Member exclusive! Collectors’ House Tour: John + Molly Chiles
Presented by CAM/now
CAM Raleigh Members: Enjoy an afternoon of art, architecture and champagne! Join us for an exclusive tour of local art collectors John and Molly Chiles’ home in Raleigh.
The tour will include a short introduction by the homeowners, a self-directed walk through the home’s impressive art collection and architectural design, and a champagne toast. Proceeds from this fundraiser event will support future CAM Raleigh exhibitions and programming.
Don’t miss this unique opportunity! Space is limited, so register online by October 9. Free to register; suggested entry donation at the event is $25/ individual, $40/couple. Not yet a member? Learn more about the benefits of joining the museum here.
About the collectors:
John and Molly Chiles first developed an interest in art by visiting the Art Institute of Chicago while in graduate school in Chicago. After an initial phase of buying art that matched the sofa, they bought their first piece of serious art—a tabletop sculpture by Louise Nevelson. In the 30 years since, they have added to their collection whenever their finances allowed.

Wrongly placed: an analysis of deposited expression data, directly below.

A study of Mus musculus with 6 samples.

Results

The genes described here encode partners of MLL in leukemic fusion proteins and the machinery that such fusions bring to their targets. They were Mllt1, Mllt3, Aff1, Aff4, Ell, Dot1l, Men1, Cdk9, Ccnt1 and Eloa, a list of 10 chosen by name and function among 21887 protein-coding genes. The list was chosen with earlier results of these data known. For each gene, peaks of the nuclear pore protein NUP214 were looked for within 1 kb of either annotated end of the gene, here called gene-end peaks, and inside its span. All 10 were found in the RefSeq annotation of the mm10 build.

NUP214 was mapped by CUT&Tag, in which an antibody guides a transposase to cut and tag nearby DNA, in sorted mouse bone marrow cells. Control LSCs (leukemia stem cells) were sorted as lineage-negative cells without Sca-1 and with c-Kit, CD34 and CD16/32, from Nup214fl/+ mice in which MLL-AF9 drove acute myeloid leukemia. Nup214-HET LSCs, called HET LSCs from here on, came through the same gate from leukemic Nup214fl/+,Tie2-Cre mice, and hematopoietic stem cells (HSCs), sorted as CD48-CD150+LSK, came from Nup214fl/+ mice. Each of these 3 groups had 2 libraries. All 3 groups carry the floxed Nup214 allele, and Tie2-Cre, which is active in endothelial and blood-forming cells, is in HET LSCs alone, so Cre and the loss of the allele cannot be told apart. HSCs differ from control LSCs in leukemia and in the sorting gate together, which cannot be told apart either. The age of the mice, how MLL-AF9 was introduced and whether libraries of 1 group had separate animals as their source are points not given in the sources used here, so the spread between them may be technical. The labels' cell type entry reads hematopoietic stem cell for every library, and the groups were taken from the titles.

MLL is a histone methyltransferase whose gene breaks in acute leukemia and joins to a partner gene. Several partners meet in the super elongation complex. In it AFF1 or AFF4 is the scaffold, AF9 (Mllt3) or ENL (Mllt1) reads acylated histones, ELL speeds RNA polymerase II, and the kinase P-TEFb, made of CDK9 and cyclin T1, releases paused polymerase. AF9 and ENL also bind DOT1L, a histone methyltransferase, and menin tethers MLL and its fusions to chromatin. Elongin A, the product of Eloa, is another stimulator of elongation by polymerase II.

Prior to moving to Raleigh, the Chiles spent 26 years in Toledo, where the combination of the Toledo Museum’s collection, friendships with museum staff and the resources available to museum members allowed their knowledge and interest in art and architecture to grow. When they decided to move to North Carolina in retirement, their charge to the architects of Tonic Design was to build a modernist house that would allow the couple to live with their paintings, drawings, prints and sculpture. The overriding focus of design was that aesthetics should trump everything else.
The collection consists primarily of artists of the couple’s generation, with some notable exceptions. The earliest pieces are small drawings by Jackson Pollock and Hans Hoffmann. More recent pieces include a painting by Roxy Paine and a sculpture by Aaron Curry. When possible they have collected more than one piece by an artist. Examples are works by Anselm Kiefer, Elizabeth Murray and Gerhard Richter.